AUSTIN, Texas – Three Texas campaign reform groups called July 15 for the U.S. House Ethics Committee to appoint an independent outside counsel to investigate charges that House Majority Leader Tom DeLay of Texas illegally funneled corporate campaign contributions to Republican candidates running for seats in the Texas House of Representatives.
“The House investigation of Rep. DeLay must be fair and above reproach,” said Fred Lewis, president of Campaigns for People, one of the groups. Texans for Public Justice and Public Citizen/Texas joined in issuing the call.
Many observers doubt that the Ethics Committee itself can conduct a fair and impartial hearing, because four of the five Republican committee members received campaign contributions from DeLay.
The Ethics Committee’s investigation resulted from a complaint filed by Democratic Rep. Chris Bell of Houston. In March, Bell lost a primary election to Al Green after Bell’s district was carved up as a result of congressional redistricting masterminded last year by DeLay.
Bell charges DeLay with offering favors to businesses in return for campaign contributions that he then distributed to Republican candidates running for Texas House seats. These contributions helped Republicans win key elections in 2002, which resulted in the Republican takeover of the state House.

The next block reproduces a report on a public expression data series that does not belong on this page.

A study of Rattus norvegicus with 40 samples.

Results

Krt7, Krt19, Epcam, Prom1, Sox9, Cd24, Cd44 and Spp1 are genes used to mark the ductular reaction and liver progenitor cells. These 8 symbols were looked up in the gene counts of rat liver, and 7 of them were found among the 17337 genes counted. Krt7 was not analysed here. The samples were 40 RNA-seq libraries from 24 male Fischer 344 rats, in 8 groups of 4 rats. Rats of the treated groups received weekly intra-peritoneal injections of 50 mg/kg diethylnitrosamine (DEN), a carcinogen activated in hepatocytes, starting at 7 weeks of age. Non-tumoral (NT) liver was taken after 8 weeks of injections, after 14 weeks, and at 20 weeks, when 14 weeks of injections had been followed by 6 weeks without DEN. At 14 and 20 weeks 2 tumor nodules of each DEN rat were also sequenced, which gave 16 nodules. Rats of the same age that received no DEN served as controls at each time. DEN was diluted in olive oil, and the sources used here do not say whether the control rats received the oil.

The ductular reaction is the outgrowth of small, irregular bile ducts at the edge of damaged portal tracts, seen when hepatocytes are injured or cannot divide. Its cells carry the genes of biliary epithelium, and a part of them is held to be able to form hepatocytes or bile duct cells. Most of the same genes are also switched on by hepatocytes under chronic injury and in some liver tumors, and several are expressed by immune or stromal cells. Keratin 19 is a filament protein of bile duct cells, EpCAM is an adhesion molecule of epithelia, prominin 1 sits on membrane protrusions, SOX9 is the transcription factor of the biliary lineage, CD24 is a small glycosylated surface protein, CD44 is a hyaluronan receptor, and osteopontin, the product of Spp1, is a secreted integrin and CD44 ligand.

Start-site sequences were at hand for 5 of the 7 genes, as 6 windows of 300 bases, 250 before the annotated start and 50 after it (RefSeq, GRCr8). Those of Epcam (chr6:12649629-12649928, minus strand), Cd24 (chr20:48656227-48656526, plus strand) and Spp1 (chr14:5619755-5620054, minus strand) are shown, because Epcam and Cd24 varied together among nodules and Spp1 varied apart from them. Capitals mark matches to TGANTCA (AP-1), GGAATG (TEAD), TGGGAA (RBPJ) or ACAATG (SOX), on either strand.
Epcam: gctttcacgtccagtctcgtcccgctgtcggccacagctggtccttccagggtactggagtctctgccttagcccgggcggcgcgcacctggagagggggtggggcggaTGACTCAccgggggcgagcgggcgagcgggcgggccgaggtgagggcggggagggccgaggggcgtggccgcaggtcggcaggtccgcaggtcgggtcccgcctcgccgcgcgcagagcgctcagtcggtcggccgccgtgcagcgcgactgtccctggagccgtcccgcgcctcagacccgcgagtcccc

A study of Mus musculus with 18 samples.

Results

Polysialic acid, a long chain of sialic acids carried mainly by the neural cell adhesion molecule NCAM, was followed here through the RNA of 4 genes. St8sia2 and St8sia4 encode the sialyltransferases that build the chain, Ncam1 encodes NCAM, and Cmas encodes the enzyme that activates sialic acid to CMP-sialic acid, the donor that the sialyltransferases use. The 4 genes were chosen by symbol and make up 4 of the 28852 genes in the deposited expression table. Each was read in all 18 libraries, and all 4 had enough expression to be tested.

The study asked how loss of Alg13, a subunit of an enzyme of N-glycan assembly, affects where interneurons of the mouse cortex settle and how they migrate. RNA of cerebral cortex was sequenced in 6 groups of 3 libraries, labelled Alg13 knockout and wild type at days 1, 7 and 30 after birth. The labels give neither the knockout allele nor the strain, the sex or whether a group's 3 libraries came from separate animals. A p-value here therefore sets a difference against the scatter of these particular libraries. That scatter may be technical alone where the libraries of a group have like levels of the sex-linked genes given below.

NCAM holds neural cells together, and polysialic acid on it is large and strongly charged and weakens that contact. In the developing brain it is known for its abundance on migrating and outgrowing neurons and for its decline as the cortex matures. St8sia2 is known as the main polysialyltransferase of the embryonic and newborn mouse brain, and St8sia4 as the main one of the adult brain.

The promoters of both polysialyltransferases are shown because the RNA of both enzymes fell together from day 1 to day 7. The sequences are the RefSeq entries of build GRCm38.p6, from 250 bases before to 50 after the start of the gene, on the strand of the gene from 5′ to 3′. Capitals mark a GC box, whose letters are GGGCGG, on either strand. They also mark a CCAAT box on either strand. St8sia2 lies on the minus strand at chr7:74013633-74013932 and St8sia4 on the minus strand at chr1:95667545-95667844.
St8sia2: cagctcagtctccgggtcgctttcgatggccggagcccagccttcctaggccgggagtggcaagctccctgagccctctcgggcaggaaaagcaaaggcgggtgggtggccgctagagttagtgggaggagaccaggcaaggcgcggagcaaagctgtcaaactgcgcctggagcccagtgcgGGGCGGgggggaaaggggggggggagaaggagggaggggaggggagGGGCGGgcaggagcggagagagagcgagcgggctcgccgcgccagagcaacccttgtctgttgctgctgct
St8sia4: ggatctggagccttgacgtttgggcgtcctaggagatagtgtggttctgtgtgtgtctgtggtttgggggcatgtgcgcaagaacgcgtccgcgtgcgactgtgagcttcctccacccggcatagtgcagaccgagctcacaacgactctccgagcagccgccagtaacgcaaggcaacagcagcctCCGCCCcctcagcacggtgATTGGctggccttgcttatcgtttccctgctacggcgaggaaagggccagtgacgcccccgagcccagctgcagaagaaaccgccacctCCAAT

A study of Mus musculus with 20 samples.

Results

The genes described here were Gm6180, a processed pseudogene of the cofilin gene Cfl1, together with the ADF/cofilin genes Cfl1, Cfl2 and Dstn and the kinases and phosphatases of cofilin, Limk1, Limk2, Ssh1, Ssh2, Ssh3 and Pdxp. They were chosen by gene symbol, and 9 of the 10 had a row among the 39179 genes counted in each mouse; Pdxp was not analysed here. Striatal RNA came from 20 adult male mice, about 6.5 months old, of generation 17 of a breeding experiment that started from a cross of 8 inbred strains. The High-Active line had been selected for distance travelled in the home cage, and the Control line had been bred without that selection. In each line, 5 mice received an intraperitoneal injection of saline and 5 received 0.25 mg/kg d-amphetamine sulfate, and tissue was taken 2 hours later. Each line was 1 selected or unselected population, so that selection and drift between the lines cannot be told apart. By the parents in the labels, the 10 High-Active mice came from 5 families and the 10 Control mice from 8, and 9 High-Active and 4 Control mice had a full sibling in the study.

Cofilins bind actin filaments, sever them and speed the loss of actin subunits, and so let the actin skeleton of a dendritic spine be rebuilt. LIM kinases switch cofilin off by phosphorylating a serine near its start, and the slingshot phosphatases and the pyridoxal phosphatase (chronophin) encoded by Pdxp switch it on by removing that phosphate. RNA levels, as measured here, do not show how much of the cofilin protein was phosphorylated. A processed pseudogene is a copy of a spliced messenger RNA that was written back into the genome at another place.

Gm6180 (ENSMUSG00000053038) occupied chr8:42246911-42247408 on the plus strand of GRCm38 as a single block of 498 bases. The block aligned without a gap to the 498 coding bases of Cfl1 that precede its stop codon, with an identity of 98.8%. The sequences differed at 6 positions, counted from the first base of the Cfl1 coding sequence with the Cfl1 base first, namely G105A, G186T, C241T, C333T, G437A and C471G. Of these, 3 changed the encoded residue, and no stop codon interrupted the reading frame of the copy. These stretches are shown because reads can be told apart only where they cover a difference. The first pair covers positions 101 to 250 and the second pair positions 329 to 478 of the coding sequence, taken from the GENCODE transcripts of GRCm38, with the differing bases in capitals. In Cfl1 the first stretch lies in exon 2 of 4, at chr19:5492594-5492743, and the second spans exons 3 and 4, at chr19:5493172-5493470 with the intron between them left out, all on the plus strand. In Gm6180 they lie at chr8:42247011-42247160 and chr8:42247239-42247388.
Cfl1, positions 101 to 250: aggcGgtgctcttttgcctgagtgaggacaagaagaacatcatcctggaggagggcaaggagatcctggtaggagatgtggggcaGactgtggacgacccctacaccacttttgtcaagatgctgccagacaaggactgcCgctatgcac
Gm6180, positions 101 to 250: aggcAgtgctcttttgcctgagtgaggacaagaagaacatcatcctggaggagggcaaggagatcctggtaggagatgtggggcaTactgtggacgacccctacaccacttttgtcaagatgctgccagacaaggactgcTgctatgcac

The Republican takeover led to an unprecedented mid-decade redistricting of the state’s congressional districts that will likely result in five to seven new Republican members of Congress being sent to Washington next year, which will solidify DeLay’s control of the House.
Bell claims that DeLay laundered the contributions to hide the fact that businesses were making direct contributions to candidates, which is illegal in Texas. Bell also accuses DeLay of improperly using federal resources to track down the 51 state House Democrats who left Austin for Oklahoma in an ultimately unsuccessful attempt to prevent Republicans from carrying out their redistricting plans.
According to Federal Election Commission records, Republicans on the Ethics Committee received about $28,000 over a seven-year period from DeLay’s political action committees. Rep. Kenny Hulshof of Missouri received $14,777, Rep. Steve LaTourette of Ohio received $10,553, Rep. Judy Biggert of Illinois received $1,764, and Rep. Doc Hastings of Washington received $1,410.
“DeLay’s underlings should not be entrusted to pass judgment on their leader,” said Craig McDonald, director of Texans for Public Justice. “This investigation will only be credible if it is independent of DeLay’s widespread political influence.”
Groups in Washington are also calling for an independent counsel to investigate the ethics charges. Common Cause, Judicial Watch, Campaign Legal Resources, Democracy 21, and Citizens for Responsibility and Ethics in Washington have all joined the call.